In a strongly-worded letter sent to leaders of the Reform Judaism Movement, Coalition for Jewish Values (CJV), representing over 2,500 traditional, Orthodox rabbis in matters of public policy, rebuked the Reform leaders for calling for a “humanitarian pause” in Gaza. The rabbis said such a pause would be “anything but humanitarian,” as it would cause further pain to those currently held hostage and their families, and would enable Hamas to regroup and “murder more Jewish soldiers when the fighting resumed.”
Late last week, a joint statement was published by the leaders of the Union for Reform Judaism, the Central Conference of American Rabbis, and the American Conference of Cantors, saying that despite their pain that Israel was “burying the over 1400 people murdered by Hamas,” and that “220… continue to be held as hostages,” they “cannot ignore the tremendous toll this is taking on innocent civilians in Gaza.” For this reason, they said, they “join in calls… For Israel to implement a humanitarian pause to ensure that food, water, medicine, and other humanitarian aid can flow more quickly into Gaza.”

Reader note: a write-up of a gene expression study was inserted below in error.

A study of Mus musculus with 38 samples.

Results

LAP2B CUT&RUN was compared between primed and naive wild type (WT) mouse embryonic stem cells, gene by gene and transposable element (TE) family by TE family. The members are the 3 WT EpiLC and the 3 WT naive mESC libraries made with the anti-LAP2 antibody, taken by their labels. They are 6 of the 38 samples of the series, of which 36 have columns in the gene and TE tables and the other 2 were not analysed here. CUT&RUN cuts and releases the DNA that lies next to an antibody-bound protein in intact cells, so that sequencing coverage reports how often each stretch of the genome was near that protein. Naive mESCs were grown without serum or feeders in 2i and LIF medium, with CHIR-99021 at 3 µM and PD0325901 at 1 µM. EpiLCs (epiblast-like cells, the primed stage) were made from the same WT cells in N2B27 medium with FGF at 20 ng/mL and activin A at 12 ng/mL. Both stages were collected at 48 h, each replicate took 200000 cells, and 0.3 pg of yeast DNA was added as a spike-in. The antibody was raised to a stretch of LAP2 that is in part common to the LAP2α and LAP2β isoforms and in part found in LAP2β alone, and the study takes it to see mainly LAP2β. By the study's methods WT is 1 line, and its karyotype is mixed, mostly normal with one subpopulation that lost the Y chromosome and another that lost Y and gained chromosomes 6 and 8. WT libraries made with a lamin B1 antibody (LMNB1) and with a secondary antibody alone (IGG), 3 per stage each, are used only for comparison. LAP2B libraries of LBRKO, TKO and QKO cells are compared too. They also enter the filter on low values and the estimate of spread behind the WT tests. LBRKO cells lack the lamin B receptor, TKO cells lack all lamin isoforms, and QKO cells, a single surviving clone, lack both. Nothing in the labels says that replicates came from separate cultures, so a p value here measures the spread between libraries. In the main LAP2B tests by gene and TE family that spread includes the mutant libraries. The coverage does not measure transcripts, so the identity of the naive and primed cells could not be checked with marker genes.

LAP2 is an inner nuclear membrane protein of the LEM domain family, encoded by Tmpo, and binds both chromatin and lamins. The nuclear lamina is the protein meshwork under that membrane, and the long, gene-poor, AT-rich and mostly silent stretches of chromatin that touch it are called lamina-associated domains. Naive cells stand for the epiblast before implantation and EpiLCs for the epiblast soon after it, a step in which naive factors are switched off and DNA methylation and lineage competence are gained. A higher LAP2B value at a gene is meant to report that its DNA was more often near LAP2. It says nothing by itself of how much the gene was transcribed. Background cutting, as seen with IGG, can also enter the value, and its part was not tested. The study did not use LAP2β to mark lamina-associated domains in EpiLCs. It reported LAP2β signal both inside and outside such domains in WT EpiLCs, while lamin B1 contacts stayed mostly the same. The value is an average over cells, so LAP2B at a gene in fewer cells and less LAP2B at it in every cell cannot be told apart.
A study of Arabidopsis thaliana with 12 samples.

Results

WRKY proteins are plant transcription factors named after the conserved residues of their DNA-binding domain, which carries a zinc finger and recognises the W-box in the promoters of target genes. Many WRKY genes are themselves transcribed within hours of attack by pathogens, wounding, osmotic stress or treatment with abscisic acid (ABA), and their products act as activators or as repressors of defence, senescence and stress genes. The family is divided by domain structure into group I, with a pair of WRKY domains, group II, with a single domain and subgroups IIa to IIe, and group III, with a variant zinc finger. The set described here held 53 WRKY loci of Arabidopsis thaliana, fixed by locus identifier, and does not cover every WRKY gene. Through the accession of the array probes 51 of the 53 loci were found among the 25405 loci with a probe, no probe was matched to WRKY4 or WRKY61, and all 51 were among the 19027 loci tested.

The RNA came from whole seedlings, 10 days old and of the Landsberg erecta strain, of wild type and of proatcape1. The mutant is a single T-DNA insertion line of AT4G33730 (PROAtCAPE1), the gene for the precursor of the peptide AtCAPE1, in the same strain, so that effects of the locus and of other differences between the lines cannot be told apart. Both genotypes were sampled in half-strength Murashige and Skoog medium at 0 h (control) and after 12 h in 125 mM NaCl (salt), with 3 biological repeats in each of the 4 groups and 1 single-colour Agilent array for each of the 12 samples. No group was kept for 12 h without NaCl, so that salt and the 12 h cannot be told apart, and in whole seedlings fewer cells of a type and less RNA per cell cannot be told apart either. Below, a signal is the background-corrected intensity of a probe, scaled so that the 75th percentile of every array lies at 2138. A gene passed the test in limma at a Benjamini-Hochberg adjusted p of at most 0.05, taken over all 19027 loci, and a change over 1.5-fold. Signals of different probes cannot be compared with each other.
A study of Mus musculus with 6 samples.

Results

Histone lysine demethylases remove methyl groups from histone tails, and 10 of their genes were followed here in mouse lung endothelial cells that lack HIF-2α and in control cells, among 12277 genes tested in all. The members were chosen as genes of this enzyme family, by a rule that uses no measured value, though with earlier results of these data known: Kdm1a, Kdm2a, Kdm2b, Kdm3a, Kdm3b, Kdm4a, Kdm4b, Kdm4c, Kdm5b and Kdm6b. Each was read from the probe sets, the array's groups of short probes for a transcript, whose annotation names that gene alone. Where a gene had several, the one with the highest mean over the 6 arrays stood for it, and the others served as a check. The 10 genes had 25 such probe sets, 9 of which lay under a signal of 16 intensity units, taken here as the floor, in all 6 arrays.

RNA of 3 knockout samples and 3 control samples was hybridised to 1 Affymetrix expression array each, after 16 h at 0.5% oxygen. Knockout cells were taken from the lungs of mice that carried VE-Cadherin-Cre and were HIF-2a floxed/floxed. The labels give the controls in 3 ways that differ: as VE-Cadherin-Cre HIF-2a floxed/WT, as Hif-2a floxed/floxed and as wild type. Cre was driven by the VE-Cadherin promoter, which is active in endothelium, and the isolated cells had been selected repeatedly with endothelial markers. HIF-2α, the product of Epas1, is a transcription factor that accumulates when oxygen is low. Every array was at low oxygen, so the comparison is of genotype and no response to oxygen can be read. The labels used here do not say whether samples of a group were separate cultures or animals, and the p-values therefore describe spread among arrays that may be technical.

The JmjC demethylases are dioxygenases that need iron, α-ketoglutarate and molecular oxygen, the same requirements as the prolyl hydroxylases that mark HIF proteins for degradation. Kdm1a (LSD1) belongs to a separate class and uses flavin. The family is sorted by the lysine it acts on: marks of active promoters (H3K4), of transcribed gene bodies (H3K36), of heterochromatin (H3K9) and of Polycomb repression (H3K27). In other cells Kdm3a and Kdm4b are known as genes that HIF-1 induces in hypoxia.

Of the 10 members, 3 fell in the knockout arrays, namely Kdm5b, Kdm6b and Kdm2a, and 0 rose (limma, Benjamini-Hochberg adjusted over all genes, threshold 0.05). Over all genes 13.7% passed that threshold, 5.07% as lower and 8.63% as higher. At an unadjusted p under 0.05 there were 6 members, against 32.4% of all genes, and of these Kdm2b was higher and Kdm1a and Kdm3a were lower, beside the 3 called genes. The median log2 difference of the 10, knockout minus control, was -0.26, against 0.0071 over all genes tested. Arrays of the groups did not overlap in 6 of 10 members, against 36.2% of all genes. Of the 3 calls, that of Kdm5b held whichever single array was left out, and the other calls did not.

CJV quoted current U.S. Secretary of State Antony Blinken, who said a ceasefire would allow Hamas “to remain where it is and potentially allow it to repeat.” His predecessor from early in the Obama Administration, Hillary Clinton, said in a TV interview this week that it would be “a gift” to the terrorists, and that those calling for such a ceasefire “do not understand Hamas.”
CJV called attention to Reform leaders’ frequent claim to speak for “Diaspora Jewry,” and said it was incumbent upon them, like all Jewish organizations, “to prioritize Israel and the safety of Jews first, foremost, and indeed uniquely in our thoughts.” And, they concluded, “If you cannot bring yourselves to speak for the rights of Jews victimized by in human barbarians without equivocation, it would be best to say nothing at all.”